Flag Map of Sierra Leone. Wikimedia Commons

Slow Recovery

After 10 years of war, it is hard to start fresh. Foreign capital is needed to get the economy up again, the judiciary system has to win people back, and there is no work. Despite the sufferings they have undergone, there are still those who smile.
Bepi Berton

The overall situation of Sierra Leone is tied to Great Britain, because of its colonial past of 40 years ago, trade relations that have been kept up, and an inherited culture. Thus, the English have returned to put things back in order and to restructure the army; and if we think about the massive presence of UN troops still there today, we realize that the country’s national security is still in the hands of foreigners.

People feel safe. They can travel without fear of being attacked and can reach any part of the country, roads permitting. Foreigners, too, feel safe. Ordinary people travel and, judging from those doing the traveling, it appears that prices are reasonable.

The roadblocks, that were such an obstacle to traffic in the past, have been reduced considerably, and where they still exist, one can get past them quickly.

It seems that some confidence in Sierra Leone is returning on the international scene, a confidence expressed in loans and the participation of international groups.

Economic Aid
The amount of $650 million has been pledged. The nations and organizations involved are Canada, China, France, Germany, Italy, Japan, Holland, Norway, Sweden, Switzerland, England, the United States, the European Commission, and a plethora of international funds and agencies.

Unfortunately, it does not seem that substantial investment is forthcoming from the private sector. For the most part, there has only been participation on the part of governments and NGOs, and it is well known that these do not represent the real economic pulse, as the risk of an investment does. We will be able to speak of economic stability only when companies interested in trade and profits and not in aid and development begin to invest their capital. For now, the market is in the hands of the usual Lebanese, often people who were born here, with property to protect from before the war began. They cannot be considered a thermometer of economic stability. Some container ships can be seen docking, but there is not too much movement at the port. Few public works are visible.

The Past is Past
In recent days, the interest of journalists is focused on the condemnation of the publisher of the newspaper For the People, Paul Kamara, a man who has always been at the forefront of his profession under various governments, legitimate and otherwise. He has stepped on the toes of a judge. In his newspaper are written things like, “There is a lot to be said–it is something that gives food for thought–if Mr Paul Kamara had difficulty finding a lawyer to represent him in court solely because a judge is involved in the case. One wonders how ordinary people manage to fare in similar circumstances.”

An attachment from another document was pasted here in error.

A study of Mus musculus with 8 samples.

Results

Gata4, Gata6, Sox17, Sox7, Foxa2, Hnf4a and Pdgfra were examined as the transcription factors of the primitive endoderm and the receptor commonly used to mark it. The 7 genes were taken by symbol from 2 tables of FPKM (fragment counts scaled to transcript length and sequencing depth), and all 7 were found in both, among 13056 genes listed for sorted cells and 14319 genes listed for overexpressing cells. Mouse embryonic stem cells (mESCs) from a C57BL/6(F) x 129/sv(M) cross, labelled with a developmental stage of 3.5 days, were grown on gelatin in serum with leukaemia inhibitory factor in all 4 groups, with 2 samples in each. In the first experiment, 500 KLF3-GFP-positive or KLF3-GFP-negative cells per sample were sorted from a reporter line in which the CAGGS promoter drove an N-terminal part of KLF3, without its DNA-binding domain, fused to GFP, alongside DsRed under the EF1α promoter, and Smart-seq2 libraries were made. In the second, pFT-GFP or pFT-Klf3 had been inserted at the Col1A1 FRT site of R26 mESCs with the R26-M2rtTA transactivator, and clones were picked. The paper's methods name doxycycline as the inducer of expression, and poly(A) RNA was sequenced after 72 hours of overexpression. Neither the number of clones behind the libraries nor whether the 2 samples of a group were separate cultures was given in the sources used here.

The public’s confidence in justice can be a cause for reflection, because we are entering a period of great social and historical importance, with the institution of the Court for War Crimes on November 30th, and the Truth and Reconciliation Commission, which has begun work in fourteen districts. Some young people, asked privately if they would be willing to testify, gave very evasive answers like, “I want to forget. The past is past.” The attitude of a girl who tried not to see her persecutor who was walking down the opposite side of the street is another sign indicating an evasive attitude caused by fear that the instability of the situation or an unforeseen social reversal could still put them in danger for having cooperated with justice.

Who Supports Them?
Socially, the situation is hard. It seems that there are not sufficient funds for creating jobs, and a return to the land is not so easy or obvious, for various reasons that are a bit too complex to be illustrated in a brief sketch.

Even those who do want to go back to the land, after all, have to wait an entire season before the harvest. In the meantime, who supports them?

A certain number of agencies have facilitated the return of people to the villages, building a substantial number of small houses to replace the villages that were burned. But it’s one thing to build houses and another to rebuild the social fabric. This is why it will take time. So many people have been killed, people who counted in society, and others are still missing.

Elections are being held in these very days for the tribal chiefs to replace those who either died a natural death or were killed by the rebels. The social fabric is slowly being put back together, and families are finding each other.

The fight against corruption continues, but it is an unequal fight. It gives me pleasure to note the efforts made by people who are trying to build two rooms, making clay bricks with their own hands, but it is a scandal to see enormous, well-designed buildings made of reinforced concrete in zones that are hard to reach, thus costing twice as much.

These are some aspects of the Sierra Leone of today. We have to give credit to so many people who, despite their many sufferings, injustices, physical impairments, and loss of loved ones and property, are still ready to begin again. How many “shock absorbers” God has given them, that despite everything, they are still able to smile at life!